Angi Aymond

Growing in wisdom. Walking in grace.

Hurry It Up, Will Ya?

With keys in hand and gratitude in my heart, I walked into our new home. Finally.

“Every great idea breaks down into a lot of hard work,” echoed in my head. Oh, those rascally words. Too true, indeed.

It was going to be a lot of hard work.

Though my mind wanted to focus on the things we would leave to the professionals, the daunting task of painting every wall, ceiling, and linear foot of trim in the house was calling my name. And it wasn’t even being polite.

Because my painting skills are subpar, I am mostly trusted with the grunt work: filling nail holes, sanding, and priming. It’s agony. Pure agony for a big picture, let’s make this place beautiful in a hurry kind of girl! Yes. I prefer pointing. But not this time.

With a sanding block in one hand and a damp cloth in the other, I looked around at the battered and bruised walls and began.  I could hardly focus on the task because I just wanted it to be over. I wanted to fast forward through the process. I was tempted to skimp on the sanding. To forgo the priming. Just throw some paint up on the wall. Hang a new light fixture. To get to the pretty part!

But I knew better. Experience had been my teacher.

Skimping on the sanding would mean ugly finishes later. Skipping the priming would allow stains to leach through, requiring more coats of paint later. Short cuts always cost us more in the long run. Doing the hard work is essential for the best results.

The job was messy. As dust danced in the air and primer dripped down my arm, I wrestled with my own thoughts to cheat. I laughed aloud at myself and brushed primer on another shelf.

“Make it pretty, and hurry it up!” That refrain reverberated in my heart and my mind.

I am not a fan of the process. But it seems as though God is.

From the beginning, He spoke the world into being. He fashioned the first man and woman with His very own hands. But He continued all things by His laws of nature. Physics. Chemistry. Biology. Process.

And then when sin entered the world through Adam and Eve’s disobedience, and broken began, He didn’t just speak redemption of all things. His plan began. Process.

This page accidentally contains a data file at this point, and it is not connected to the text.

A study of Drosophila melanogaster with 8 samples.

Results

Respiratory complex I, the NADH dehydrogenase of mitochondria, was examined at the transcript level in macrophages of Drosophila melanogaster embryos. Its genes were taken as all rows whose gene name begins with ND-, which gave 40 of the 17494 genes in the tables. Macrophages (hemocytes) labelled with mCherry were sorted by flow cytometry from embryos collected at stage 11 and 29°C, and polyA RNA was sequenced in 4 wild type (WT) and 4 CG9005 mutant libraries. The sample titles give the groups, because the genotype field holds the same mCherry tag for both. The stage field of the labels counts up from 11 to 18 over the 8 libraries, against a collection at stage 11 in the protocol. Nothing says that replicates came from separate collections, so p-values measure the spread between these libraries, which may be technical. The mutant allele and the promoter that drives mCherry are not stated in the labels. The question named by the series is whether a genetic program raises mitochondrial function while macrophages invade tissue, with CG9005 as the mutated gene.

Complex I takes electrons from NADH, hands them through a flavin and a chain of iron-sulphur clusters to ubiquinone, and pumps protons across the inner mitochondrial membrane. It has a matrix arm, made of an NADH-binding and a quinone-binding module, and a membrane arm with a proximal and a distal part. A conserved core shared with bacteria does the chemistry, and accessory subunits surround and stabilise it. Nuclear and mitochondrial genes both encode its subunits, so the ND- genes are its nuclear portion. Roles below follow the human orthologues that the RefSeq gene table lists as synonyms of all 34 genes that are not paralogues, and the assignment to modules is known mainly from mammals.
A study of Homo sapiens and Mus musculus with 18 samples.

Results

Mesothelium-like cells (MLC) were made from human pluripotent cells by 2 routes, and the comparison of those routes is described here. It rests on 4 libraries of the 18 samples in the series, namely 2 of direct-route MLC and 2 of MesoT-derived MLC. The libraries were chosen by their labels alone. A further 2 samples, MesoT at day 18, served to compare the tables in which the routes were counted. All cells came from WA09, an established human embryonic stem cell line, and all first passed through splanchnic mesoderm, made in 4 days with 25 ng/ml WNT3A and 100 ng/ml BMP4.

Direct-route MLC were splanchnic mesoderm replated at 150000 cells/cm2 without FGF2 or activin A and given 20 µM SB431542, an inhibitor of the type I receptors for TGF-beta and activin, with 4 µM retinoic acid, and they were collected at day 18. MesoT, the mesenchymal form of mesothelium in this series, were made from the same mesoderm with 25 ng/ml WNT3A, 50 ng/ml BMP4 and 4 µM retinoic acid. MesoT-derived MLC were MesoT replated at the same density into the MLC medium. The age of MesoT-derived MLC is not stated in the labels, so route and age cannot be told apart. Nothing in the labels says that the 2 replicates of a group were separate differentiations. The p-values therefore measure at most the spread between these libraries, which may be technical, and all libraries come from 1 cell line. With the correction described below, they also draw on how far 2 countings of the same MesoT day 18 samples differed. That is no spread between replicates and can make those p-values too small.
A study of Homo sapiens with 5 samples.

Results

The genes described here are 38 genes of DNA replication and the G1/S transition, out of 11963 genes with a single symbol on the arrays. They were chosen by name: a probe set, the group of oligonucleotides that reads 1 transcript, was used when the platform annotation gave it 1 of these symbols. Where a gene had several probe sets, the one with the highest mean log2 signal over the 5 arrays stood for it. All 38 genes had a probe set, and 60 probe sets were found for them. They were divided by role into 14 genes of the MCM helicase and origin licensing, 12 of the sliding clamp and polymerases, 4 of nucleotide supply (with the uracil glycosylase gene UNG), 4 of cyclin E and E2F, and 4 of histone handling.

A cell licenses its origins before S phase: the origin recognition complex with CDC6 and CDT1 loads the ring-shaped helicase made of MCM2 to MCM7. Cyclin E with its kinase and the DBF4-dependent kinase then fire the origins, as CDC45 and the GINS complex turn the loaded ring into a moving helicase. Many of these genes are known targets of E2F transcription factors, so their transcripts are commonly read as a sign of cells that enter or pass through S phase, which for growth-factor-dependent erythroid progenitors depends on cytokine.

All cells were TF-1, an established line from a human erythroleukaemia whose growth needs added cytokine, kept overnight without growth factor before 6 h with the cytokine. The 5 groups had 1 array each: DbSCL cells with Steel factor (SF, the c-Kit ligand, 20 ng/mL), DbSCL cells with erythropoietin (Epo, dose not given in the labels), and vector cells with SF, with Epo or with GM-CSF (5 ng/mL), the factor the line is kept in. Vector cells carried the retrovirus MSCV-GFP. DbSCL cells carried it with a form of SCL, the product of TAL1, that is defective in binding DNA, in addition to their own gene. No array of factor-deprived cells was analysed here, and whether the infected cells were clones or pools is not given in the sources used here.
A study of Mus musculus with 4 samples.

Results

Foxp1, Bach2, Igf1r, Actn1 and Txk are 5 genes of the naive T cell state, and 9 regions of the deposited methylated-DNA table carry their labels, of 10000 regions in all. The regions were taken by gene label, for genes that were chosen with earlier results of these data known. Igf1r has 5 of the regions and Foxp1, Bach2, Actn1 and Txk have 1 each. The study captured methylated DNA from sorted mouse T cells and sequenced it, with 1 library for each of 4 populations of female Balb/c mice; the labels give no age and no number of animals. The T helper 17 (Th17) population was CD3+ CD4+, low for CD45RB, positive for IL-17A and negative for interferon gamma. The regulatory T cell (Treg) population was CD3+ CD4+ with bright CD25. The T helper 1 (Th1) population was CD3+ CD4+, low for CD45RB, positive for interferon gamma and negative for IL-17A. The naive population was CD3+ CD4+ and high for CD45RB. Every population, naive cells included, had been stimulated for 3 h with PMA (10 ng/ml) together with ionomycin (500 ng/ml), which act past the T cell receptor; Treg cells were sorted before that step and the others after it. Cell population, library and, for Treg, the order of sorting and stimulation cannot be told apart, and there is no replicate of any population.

With the incarnation, crucifixion, and resurrection of Jesus, God’s plan of redemption was complete. Jesus said, “It is finished.” His work for us was indeed finished. We can add nothing to the cross.

14 For by one sacrifice he has made perfect forever those who are being made holy.


But His work in us is a process. Our sanctification doesn’t happen in an instant. From the moment we trust Christ, His work of making us like Him begins and He Himself will be faithful to finish until He returns.

We are not commanded to work for our salvation, only to work out our salvation. Oh, I have argued and wrestled and questioned God about this very thing. Why the process? Why can’t His Spirit just hit a reset button and make me like new? Like Him?

Well. I may not have the perfect answer. But…

First of all, I believe God loves watching things grow. He enjoys our becoming. For someone who spent most of her life feeling like God was disappointed in her, this concept was life-changing for me.

And secondly, the process of sanctification grows our faith. In challenging circumstances, self-driven or otherwise, our faith is tested. When we fail, and we all fail, He is faithful to forgive. And He is patient in our process of becoming.

When Jesus came, He came full of grace and truth. His truth exposes our sin. Grace covers our sin. But it also gives us space to grow in our faith. To practice walking worthy of our calling to follow Jesus. To become like Him. And our capacity for surrendering what we want most for God’s best grows with each tiny victory.

Growing to a place of surrendering what we want most in return for God’s best is the process of sanctification. And my friends, there is no shortcut. It’s going to be a lot of hard work.

Oh, yea. I wish God would just douse us with a fresh coat of paint and hang a pretty light fixture. You know, “Make it pretty and hurry it up!” He could have chosen that method. But He did not. And I have come to trust that His way is best. Even when I don’t understand it, I can trust it. Because I can trust Him.

23 Now may the God of peace himself sanctify you completely, and may your whole spirit and soul and body be kept blameless at the coming of our Lord Jesus Christ.


Father, You are good and Your mercy endures forever. I thank You for your steadfast love for me. My life is secure in You, because of You. Lord, give me eyes to see like You see and a heart to choose what You love. And Father when I fall short, when I fail, may I be quick to recognize it. And may I be willing to surrender what I want most to Your very best. I pray this in this the name of Jesus. May it be so.